This week, families across the country will come together and enjoy a Thanksgiving meal. For many of us, Thanksgiving wouldn’t be complete without turkey, stuffing, mashed potatoes and other festive sides. When you don’t have the food you need to thrive, however, celebrating the holidays can be tough. Consider that nearly 34 million people faced hunger in 2021, averaging 1 in 7 adults. Think of the number of adults in your workplace or the adults that live on your street. One in 7 of these adults may be experiencing food insecurity as families with children, military families, employed persons with low wages, and adults who have pursued or attained education beyond high school are all vulnerable.
In a society that associates income with a person’s worthiness, and where discussing personal finances is often taboo, it’s hard to have the confidence to speak freely or know who else might be experiencing a similar situation. Many of us take pride in self-sufficiency, and falling on hard financial times can be a blow to our self-esteem: we feel exposed, vulnerable, or singled out. This problem of food insecurity is one that is particularly prevalent in our community and has heightened just in the last few years.
There are lots of opportunities to help our neighbors during the holidays, you can find an agency advertising a food drive and help them build up their store of goods, or find a soup kitchen, volunteer and take time while there to have quality conversation with your neighbors, or give a financial donation to support work to alleviate food insecurity. If you want to be a part of something big knowing that you are making a real difference, Second Harvest Food Bank has corporate donors whose gifts allow us to match your donation during December. You can give knowing that because of you we can feed more people.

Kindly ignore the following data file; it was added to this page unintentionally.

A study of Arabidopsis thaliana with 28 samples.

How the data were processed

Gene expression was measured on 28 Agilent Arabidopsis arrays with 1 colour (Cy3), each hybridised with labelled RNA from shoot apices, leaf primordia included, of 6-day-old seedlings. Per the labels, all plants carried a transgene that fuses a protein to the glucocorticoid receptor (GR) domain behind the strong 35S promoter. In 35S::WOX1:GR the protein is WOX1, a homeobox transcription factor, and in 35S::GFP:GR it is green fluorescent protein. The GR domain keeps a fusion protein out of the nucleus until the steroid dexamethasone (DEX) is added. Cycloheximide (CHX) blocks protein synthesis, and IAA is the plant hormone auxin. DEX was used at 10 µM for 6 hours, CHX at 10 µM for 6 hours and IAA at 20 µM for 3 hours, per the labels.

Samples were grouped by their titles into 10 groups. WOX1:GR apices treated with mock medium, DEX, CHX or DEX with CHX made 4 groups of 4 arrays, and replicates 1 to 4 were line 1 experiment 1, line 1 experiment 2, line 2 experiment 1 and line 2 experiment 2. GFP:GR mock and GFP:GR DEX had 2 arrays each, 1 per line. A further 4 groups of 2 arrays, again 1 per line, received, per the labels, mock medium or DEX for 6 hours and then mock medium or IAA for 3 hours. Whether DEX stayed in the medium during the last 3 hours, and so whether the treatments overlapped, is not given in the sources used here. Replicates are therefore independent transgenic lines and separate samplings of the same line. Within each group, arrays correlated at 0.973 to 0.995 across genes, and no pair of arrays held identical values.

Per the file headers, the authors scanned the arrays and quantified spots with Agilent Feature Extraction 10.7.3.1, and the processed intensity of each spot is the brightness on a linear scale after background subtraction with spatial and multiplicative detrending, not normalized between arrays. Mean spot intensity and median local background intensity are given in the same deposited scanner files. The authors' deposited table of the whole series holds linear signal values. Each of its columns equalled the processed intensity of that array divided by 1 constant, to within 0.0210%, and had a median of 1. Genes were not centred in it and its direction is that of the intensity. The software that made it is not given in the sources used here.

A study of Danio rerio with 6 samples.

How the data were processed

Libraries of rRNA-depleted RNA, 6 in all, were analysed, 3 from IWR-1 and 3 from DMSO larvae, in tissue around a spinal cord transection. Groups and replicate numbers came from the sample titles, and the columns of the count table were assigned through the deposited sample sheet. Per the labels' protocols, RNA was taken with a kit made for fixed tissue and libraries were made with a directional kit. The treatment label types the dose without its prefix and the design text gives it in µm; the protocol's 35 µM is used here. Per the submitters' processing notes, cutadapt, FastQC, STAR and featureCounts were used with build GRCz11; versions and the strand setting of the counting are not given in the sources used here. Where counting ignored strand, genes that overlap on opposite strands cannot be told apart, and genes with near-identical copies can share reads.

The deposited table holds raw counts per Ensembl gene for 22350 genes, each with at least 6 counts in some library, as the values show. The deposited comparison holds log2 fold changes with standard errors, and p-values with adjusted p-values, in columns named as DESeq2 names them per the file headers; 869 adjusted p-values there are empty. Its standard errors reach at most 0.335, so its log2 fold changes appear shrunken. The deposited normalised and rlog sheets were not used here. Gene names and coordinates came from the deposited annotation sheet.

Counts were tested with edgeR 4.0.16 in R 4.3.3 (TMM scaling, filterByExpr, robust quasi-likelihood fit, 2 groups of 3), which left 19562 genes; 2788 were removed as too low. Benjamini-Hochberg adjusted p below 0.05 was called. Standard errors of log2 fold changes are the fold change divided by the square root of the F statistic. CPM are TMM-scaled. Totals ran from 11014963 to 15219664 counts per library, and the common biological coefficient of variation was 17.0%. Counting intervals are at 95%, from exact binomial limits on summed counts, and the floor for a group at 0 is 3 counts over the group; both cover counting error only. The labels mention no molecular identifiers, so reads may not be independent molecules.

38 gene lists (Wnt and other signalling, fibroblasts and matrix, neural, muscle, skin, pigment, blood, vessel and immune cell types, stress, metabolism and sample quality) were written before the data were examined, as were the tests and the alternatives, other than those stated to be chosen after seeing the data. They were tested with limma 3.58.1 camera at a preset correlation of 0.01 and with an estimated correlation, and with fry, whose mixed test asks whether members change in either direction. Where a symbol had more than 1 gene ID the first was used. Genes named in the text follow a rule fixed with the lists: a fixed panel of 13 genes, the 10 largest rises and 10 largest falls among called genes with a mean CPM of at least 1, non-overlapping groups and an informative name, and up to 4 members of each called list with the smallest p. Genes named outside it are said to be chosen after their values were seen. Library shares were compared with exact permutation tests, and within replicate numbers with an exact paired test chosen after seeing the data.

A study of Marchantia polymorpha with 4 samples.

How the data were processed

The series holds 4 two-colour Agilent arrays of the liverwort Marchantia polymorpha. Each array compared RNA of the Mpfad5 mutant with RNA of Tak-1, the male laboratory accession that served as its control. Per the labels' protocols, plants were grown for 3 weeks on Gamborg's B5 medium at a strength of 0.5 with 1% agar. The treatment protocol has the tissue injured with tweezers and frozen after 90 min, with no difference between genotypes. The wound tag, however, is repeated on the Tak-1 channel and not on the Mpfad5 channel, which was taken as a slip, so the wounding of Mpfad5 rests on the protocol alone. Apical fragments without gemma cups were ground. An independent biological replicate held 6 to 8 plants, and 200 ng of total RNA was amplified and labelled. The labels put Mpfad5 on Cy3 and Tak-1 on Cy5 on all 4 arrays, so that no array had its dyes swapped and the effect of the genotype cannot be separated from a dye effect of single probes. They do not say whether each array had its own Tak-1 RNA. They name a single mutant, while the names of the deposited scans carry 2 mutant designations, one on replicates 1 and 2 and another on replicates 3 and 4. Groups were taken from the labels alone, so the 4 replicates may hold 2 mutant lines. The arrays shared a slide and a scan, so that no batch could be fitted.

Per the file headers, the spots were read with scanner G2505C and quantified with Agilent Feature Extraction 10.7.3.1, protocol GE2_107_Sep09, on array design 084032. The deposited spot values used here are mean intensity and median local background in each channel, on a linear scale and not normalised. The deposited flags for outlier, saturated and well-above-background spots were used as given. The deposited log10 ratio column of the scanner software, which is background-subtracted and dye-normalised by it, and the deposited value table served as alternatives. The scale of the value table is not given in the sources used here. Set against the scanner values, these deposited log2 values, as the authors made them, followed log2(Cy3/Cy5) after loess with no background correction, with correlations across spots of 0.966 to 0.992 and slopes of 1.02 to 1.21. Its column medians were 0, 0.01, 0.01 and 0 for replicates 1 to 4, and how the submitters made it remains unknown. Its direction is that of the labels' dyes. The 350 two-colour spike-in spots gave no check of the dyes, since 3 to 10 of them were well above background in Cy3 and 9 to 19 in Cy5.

This Thanksgiving, I know I’m going to be thankful for the food I have now, but also that there are organizations like Second Harvest Food Bank and all of their partner agencies to support me, my family, my friends, or anyone else who might go through tough economic times in the future. In this time of thanks, I’m recommitting myself to supporting organizations that look out for the wellbeing of all of our neighbors now and in the future.